A small selection of recommended books I read in 2013. Expect general all-round gushing.

Americanah by Chimamanda Ngozi Adichie (2013) — This book just worked on so many levels for me: as a novel, as a social commentary, as one of the best books of 2013. It juxtaposes the stories of two teenagers who fall in love, the headstrong Ifemelu and the proud Obinze, as they find their ways out of Nigeria’s military dictatorship. Ifemelu finds herself in the USA where she discovers a Thing called “race”; and Obinze struggles as an undocumented person in London. It spans continents and decades, with multiple characters and plotlines threading in and out. A handful of tongue-in-cheek blog entries, standing in as chapters, are woven into the novel as written by Ifemelu about her experiences of race in America; a new way and perspective of discussing the intricacies of race in America, and the African diasporic experience. Adichie does not shy away from controversial issues and brings on them a new light.

A Woman in Berlin by Anonymous (1945) — This is a non-fictional diary account of a German woman’s experience living in Berlin at the end of World War II and rape during the Soviet occupation. It explores the differences and complexities between rape, coercive sex, and prostitution. Starkly, it looks at the consequences of being a woman during this period, how survival was endgame, and methods of maintaining humanity. It’s not easy reading, especially when contextual information is provided (the return of German men made things more complicated, the diary was initially published to much criticism, and the rapes were hid behind general German atrocities a la quid pro quo &c.), but the author’s voice is frank and observant.

Love in a Cold Climate by Nancy Mitford (1954) — A Mitford writes about the aristocracy doing nothing much in particular with sharp wit. A great cast of eccentrics and people you don’t really care about until you do, narrated by the level-headed Fanny. It tells the story of Fanny’s aunt who has royal ambitions, and her beautiful heiress cousin Polly who, well, doesn’t. An entertaining read written by someone born into privilege and fortune; Mitford embraces it all so very stylishly in this book. I’ve heard that she writes with a “very English approach” and if this means she writes no-nonsense elegance, then she writes with a very English approach.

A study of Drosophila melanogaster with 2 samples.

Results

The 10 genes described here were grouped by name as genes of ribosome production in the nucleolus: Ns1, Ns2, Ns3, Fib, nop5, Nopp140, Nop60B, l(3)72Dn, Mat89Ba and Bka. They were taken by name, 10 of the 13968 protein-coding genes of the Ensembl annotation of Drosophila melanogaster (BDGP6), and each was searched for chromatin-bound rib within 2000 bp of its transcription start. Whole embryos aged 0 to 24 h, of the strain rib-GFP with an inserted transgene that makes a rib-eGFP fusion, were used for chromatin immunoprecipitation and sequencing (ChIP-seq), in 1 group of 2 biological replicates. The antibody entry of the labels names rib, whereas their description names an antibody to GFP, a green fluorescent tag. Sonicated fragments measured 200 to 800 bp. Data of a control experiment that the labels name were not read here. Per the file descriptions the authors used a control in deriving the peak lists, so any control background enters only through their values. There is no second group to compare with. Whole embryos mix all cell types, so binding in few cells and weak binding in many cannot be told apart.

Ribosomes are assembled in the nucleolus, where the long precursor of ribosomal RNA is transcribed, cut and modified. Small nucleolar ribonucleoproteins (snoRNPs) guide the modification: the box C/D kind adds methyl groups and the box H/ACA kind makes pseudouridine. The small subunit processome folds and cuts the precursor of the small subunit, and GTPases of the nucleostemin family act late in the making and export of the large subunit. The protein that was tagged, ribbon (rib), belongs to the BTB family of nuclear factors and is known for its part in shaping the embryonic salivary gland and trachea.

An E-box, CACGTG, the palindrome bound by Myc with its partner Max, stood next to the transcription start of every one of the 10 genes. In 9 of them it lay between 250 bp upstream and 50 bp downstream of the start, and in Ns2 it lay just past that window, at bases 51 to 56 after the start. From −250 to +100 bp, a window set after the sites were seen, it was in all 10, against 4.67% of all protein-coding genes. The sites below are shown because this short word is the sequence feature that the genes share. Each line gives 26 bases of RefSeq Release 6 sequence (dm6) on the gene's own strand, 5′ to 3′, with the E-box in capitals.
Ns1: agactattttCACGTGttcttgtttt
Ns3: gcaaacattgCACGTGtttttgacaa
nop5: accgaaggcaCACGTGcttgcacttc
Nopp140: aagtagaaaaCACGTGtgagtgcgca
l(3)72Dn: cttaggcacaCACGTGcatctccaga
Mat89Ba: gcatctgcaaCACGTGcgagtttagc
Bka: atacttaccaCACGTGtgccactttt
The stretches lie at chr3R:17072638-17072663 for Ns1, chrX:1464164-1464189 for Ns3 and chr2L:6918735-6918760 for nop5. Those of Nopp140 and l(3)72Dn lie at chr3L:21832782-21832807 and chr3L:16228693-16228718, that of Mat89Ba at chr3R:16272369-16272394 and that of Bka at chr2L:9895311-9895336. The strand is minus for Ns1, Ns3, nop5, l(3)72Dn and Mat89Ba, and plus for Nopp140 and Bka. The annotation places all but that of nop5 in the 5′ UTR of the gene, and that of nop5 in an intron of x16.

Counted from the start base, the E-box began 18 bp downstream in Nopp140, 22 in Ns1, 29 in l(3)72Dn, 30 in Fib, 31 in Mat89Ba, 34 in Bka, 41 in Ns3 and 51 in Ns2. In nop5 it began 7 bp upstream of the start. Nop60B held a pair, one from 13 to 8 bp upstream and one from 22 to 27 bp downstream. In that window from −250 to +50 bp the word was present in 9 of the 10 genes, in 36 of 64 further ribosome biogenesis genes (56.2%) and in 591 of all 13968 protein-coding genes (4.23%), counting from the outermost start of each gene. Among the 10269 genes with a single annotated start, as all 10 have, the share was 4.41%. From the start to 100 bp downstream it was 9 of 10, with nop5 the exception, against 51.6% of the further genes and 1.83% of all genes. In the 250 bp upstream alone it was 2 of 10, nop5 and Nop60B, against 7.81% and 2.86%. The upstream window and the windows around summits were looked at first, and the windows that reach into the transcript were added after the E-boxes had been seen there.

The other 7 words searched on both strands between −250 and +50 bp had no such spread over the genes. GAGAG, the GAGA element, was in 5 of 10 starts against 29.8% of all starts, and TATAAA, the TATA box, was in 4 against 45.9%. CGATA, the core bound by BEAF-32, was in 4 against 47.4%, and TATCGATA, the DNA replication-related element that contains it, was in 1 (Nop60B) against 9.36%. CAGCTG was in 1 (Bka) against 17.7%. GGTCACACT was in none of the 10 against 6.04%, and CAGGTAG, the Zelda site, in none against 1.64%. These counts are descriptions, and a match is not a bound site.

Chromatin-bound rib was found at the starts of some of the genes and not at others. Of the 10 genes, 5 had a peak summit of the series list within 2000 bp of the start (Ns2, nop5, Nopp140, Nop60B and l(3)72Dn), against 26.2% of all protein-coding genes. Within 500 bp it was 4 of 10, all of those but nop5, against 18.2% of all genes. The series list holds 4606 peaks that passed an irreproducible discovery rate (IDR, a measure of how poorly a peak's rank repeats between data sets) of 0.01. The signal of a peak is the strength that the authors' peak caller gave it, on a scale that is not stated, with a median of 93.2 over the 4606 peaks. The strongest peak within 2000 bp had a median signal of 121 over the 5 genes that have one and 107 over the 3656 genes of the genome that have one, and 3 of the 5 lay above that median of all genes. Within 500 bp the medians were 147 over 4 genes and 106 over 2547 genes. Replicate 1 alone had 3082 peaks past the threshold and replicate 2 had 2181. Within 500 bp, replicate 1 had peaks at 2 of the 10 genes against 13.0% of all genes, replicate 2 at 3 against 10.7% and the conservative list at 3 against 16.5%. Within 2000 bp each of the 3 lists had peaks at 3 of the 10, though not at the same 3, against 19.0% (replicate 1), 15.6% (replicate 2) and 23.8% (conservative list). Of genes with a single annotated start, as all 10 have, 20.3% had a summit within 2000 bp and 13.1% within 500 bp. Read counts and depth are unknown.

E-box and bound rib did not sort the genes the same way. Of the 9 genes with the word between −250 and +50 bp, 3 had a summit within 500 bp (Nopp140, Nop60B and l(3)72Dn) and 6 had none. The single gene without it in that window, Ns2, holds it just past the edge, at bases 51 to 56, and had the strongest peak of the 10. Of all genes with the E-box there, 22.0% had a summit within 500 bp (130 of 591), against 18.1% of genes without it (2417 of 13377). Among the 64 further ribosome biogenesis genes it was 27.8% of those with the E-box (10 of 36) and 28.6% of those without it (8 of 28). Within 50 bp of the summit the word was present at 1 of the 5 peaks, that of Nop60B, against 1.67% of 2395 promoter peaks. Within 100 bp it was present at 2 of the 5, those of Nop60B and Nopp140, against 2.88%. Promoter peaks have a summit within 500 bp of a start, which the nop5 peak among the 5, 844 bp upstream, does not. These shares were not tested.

The Whale Rider by Witi Ihimaera (2003) — Family, strong females, and whales. A story of a young girl defying Maori tradition to take the reigns previously only held by male heirs. It looks at a number of weighty social themes: gender discrimination, generational differences, cultural identity, and family relations. It’s all about resilience, love, and duty to family and tribe — impossible not to appreciate.

Wave by Sonali Deraniyagala (2013) — A moving memoir of Deraniyagala’s experience of the 2004 tsunami: the loss of her parents, her husband, and her two sons, and the moments after. To retracing her steps, finding her sons’ belongings in the wreckage, to selling her family home, to being given alcohol to help her sleep, to having alcohol taken away from her to stave off alcoholism and depression. It’s so well well-written, compelling, poignant, and just painfully raw. Deraniyagala weaves key moments of her life – her childhood, meeting her husband, giving birth – with the devastation and shock of her loss with brutal honesty. It comes with the quiet understanding that loss is less about forgetting, or trying to forget, but remembering with a different kind of happiness. It was a tough read, and it has stayed with me a long time.